With the translation of Christoph Jacob Trew's Hortus nitidissimis omnem per annum superbiens floribus into English, one of the rarest and most famous antique botanical books is made accessible to a broader public, a task which we as the translators undertook with great pleasure. The book is a florilegium of ornamental garden flowers and especially famous for its illustrations which belong among the most sumptuous hand-coloured botanical prints ever produced. Rather than pursuing scientific precision the artists and engravers for whom Trew served as a patron, attempted to depict the inate beauty found within the floral kingdom, utilising unconventional techniques such as applying water-colour mixed with a chalk-like material which made the plate look more like a painting.
The most famous botanical artist who contributed to the Hortus nitidissimis was Georg Dionysius Ehret (1708-1770). He was commissioned by Trew to prepare illustrations for this work while travelling through Holland, England, France and Switzerland. Ehret also worked with Carl Linnaeus, William Aiton, and Patrick Browne. Other examples of Ehret's work are found in the Hortus cliffortianus (1738), Plantae selectae (1750-73), Hortus kewensis (1789), Plantae et papiliones rariores (1748-1759) and the Civil and Natural History of Jamaica (1756). Other artists commissioned for the Hortus nitidissimis include Barbara Regina Dietsch, Nikolaus Friedrich Eisenberger, Johann Christoph Keller, and August Wilhelm Sievert. The early plates were engraved by Johann Michael Seligmann, but the majority of signed plates are engraved by Adam Ludwig Wirsing.
Dr. Christoph Jacob Trew was a wealthy physician in Nuremberg and a great flower enthusiast. He published a series of magnificently illustrated volumes on plants: the 'Herbarium Blackwellianum Emmendatum et Auctum' (between 1750 and 1760) which dealt with herbals and medicinal plants, the series 'Plantae selectae' (1750 - 1773) which contained a selection of then rare and new plants, and the 'Hortus nitidissimis' (1758 - 1786). The latter, however, was different from the previous works. It was (intentionally) one of the greatest florilegiums of the eighteenth century and was entirely devoted to ornamental flowers. 'Plantae selectae' and 'Hortus nitidissimis' were continued by other editors long after Trew's death in 1769.
Due to the high printing costs and in order to make the Hortus nitidissimis a more affordable book to buy, it was published in (three?) separate collectible parts spread over almost 40 years (bearing publication dates of 1758 through 1786 but actually believed to have been produced 1750 through 1792). This is one the main reasons why the Hortus nitidissimis is one of the most elusive antique botanical books and few complete copies with 180 folio hand-coloured engraved plates are nowadays known. In 2001, a complete copy has been sold for more than £400,000.
A note about the translation
Much more than English, the German as it was written and spoken at the time (end of eighteenth century) differed very much from contemporary German. For reasons of authenticity and to convey as much of the historic content as possible, the translation attempted to stay as close to the original text as possible. The translators are aware that in places this may make the English appear long-winded and contradicting good contemporary written English. For certain ancient terms used, it was sometimes difficult to find an equivalent English expression. For publications, the original German titles were kept with the English translation following in square brackets. Certain names and terms were kept in the German original and are followed by "(→)" indicating that the reader may refer to the appended glossary for further explanation. In the very rare case that no English equivalent could be found for a certain German plant name or other expression, the original wording is given within quotes followed by "[x]".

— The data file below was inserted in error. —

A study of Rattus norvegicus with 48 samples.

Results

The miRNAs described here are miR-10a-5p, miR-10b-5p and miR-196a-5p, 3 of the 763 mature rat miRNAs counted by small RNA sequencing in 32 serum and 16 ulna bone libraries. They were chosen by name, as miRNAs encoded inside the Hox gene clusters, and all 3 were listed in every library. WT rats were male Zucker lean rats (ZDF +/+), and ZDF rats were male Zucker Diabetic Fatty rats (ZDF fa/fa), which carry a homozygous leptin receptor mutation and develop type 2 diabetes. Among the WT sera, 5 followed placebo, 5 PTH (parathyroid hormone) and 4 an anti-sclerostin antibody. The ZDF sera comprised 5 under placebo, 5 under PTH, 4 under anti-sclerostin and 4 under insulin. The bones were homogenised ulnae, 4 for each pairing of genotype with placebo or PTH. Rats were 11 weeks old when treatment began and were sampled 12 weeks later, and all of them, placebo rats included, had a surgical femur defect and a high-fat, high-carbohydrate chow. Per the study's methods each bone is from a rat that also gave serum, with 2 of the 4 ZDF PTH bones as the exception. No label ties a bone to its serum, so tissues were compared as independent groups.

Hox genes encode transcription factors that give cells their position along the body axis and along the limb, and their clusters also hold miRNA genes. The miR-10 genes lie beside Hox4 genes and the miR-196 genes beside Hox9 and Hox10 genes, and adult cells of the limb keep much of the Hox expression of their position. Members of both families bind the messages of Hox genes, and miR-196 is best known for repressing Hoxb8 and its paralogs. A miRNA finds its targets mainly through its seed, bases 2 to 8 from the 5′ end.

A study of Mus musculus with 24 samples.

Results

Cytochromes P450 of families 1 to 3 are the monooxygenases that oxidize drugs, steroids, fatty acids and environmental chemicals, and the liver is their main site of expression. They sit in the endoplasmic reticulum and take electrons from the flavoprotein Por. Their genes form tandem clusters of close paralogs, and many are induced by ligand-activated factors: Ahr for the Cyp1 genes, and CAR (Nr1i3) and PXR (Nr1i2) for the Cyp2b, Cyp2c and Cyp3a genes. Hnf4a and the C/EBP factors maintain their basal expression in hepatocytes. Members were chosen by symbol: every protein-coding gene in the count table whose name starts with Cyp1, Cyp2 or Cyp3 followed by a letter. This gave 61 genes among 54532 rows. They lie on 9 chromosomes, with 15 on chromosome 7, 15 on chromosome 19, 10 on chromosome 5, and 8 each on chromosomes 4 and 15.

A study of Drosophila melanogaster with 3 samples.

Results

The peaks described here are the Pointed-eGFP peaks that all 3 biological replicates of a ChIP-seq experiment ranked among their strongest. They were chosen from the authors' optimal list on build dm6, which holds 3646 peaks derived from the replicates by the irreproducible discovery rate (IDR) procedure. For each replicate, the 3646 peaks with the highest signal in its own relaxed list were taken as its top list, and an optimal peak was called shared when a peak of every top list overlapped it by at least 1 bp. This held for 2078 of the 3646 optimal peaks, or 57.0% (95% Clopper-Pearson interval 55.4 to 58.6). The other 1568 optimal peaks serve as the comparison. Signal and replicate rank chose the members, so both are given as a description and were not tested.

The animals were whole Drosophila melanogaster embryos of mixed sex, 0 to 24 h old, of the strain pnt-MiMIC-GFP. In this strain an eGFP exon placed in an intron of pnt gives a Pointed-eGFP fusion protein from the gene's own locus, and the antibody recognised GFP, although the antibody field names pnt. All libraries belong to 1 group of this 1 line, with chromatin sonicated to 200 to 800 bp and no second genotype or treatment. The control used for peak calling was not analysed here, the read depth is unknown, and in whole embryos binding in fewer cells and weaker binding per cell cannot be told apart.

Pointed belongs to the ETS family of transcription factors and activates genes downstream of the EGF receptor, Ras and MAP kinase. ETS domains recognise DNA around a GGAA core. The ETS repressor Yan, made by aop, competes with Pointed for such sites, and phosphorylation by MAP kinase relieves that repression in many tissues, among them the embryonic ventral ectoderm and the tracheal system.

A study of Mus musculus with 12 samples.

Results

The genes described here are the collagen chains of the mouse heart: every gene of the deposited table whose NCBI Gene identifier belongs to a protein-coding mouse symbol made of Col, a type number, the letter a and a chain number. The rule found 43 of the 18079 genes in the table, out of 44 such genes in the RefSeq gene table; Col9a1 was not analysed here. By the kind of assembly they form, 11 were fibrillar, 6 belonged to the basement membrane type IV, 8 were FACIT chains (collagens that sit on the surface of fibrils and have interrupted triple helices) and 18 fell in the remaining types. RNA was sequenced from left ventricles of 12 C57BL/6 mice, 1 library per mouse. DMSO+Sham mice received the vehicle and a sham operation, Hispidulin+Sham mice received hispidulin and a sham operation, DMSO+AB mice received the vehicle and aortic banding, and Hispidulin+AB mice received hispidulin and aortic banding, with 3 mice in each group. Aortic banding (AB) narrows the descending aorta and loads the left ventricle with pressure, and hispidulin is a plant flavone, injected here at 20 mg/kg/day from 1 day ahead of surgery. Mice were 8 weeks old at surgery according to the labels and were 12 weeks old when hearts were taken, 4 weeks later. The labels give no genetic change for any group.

- cornworm: referring to the larvae of the granary weevil, Calandra granaria
- Herkuleskraut = "hercules wort"; in German the name refers to Heracleum mantegazzianum, a member of the Apiaceae which, however, cannot be the plant referred to in the present context. A possible alternative species cannot be identified.
- line ["Linie"]: ancient linear dimension, approx. 2 mm; similar to the "Nössel" (→), the length of a line varied between different principalities, e.g. Hannoverian line: 2.03 mm, Saxon line: 1.9666 mm Prussian line: 2.18 mm [source: H. Vogt: Alte Maße und Gewichte im Kyffhäuserkreis]
- Nössel = Ancient measure used for wine, spirit and beer. Approximately equivalent to one pint but exact quantity varying between different principalities and whether the measure refers to wine and sprit or beer., e.g. in Mühlhausen (Prussia) one Nössel [also Nösel] for wine and spirit was equivalent to 0.511 litre while one Nössel of beer measured 0.4372 litre; in comparison one Nössel in Sondershausen (Saxony) was the equivalent of 0.4294 litre. [source: H. Vogt: Alte Maße und Gewichte im Kyffhäuserkreis].
- Springwurzel = lit. "explosive root"; according to Pliny, the mythical "Springwurzel" is Euphorbia lathyris, a magic herb that is said to have the power to open locked doors, to burst rocks, and let horses lose their shoes when they accidentally treaded on one. In the pesent text, however, the name is used for a species of "yellow poppy" with "the seed capsule is bent like small horns" which "grows on sea shores", indicating that the author is most probably referring to Glaucium flavum, the yellow horned-poppy.
- Zäserlein: referring to a small fibre or hair on the leaves or roots.